Cost-effectiveness of a school-based obesity prevention program.

Authors:
Li Yan Wang
Li Yan Wang
Division of Adolescent and School Health
United States
Bernard Gutin
Bernard Gutin
Georgia Prevention Institute
United States
Paule Barbeau
Paule Barbeau
Georgia Prevention Institute
Dr. Justin B Moore, PhD, MS
Dr. Justin B Moore, PhD, MS
Wake Forest School of Medicine
Associate Professor
Implementation Science, Epidemiology
Winston-Salem, NC | United States
Maribeth H Johnson
Maribeth H Johnson
Program in Clinical and Experimental Therapeutics
United States
Marlo Cavnar
Marlo Cavnar
Georgia Prevention Institute
United States

J Sch Health 2008 Dec;78(12):619-24

Division of Adolescent and School Health, National Center for Chronic Disease Prevention and Health Promotion, Centers for Disease Control and Prevention, Atlanta, GA 30341, USA.

Background: A school-based obesity prevention study (Medical College of Georgia FitKid Project) started in the fall of 2003 in 18 elementary schools. Half of the schools were randomized to an after-school program that included moderate-to-vigorous physical activity, healthy snacks, homework assistance, and academic enrichment. All third graders were invited to enroll. The objective of this study was to assess the cost-effectiveness (CE) of the first-year intervention.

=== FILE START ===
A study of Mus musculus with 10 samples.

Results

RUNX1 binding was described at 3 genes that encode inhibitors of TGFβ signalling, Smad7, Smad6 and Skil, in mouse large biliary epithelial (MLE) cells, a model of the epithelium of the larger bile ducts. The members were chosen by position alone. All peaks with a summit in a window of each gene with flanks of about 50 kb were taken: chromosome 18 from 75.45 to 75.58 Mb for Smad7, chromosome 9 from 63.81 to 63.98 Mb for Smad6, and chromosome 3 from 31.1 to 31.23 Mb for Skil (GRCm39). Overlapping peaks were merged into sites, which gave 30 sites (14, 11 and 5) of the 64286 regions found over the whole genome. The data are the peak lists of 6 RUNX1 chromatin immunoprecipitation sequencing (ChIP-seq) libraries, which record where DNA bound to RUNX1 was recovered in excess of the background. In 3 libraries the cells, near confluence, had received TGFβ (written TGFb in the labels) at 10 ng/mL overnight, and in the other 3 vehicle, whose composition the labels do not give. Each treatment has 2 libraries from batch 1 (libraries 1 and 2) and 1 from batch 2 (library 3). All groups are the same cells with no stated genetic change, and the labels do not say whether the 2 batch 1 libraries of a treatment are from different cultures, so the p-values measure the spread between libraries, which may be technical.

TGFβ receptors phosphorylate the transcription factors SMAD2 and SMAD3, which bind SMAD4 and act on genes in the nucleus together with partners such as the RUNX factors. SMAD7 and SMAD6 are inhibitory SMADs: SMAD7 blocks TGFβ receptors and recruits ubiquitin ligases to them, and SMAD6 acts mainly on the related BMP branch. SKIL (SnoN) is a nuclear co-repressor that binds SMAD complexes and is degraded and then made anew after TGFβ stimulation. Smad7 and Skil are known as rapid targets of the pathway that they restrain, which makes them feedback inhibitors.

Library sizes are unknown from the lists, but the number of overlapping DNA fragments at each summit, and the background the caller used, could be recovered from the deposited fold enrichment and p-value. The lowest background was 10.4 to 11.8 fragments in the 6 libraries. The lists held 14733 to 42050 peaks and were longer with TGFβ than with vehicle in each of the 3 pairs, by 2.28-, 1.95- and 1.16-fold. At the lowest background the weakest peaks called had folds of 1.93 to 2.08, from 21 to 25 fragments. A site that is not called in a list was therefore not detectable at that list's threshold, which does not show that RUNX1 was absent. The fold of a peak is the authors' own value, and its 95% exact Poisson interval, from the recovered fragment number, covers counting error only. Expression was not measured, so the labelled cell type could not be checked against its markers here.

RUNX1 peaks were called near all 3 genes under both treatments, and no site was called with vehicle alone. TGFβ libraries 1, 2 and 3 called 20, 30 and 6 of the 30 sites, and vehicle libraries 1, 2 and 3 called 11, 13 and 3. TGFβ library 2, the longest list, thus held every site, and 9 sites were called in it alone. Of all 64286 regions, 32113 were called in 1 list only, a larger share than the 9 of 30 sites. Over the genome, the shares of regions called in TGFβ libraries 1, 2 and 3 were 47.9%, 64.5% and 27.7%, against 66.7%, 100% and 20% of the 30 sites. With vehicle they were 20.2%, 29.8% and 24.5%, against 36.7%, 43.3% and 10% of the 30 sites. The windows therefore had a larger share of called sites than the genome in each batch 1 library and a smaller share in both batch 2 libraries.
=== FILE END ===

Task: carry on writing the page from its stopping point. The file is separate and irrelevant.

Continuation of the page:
Methods: Standard CE analysis methods and a societal perspective were used. Program delivery costs incurred during the first-year intervention and the usual after-school care costs that would occur in the absence of the intervention were estimated (in 2003 dollars). Net intervention costs were calculated by subtracting the usual after-school care costs from the intervention costs. The effectiveness of the intervention was measured as percent body fat (%BF) reduction compared with a control condition. The CE was assessed as the net intervention cost divided by the effectiveness of the intervention.

Results: The intervention costs totaled $174,070, $558/student, or $956/student who attended > or = 40% of the intervention sessions. The usual after-school care costs were estimated at $639/student. Students who attended > or = 40% of the intervention reduced %BF by 0.76% (95% confidence interval: -1.42 to -0.09) at an additional cost of $317/student.

Conclusions: Subjects who attended > or = 40% of the intervention achieved a significant reduction in %BF at a relatively low cost. School-based obesity prevention programs of this type are likely to be a cost-effective use of public funds and warrant careful consideration by policy makers and program planners.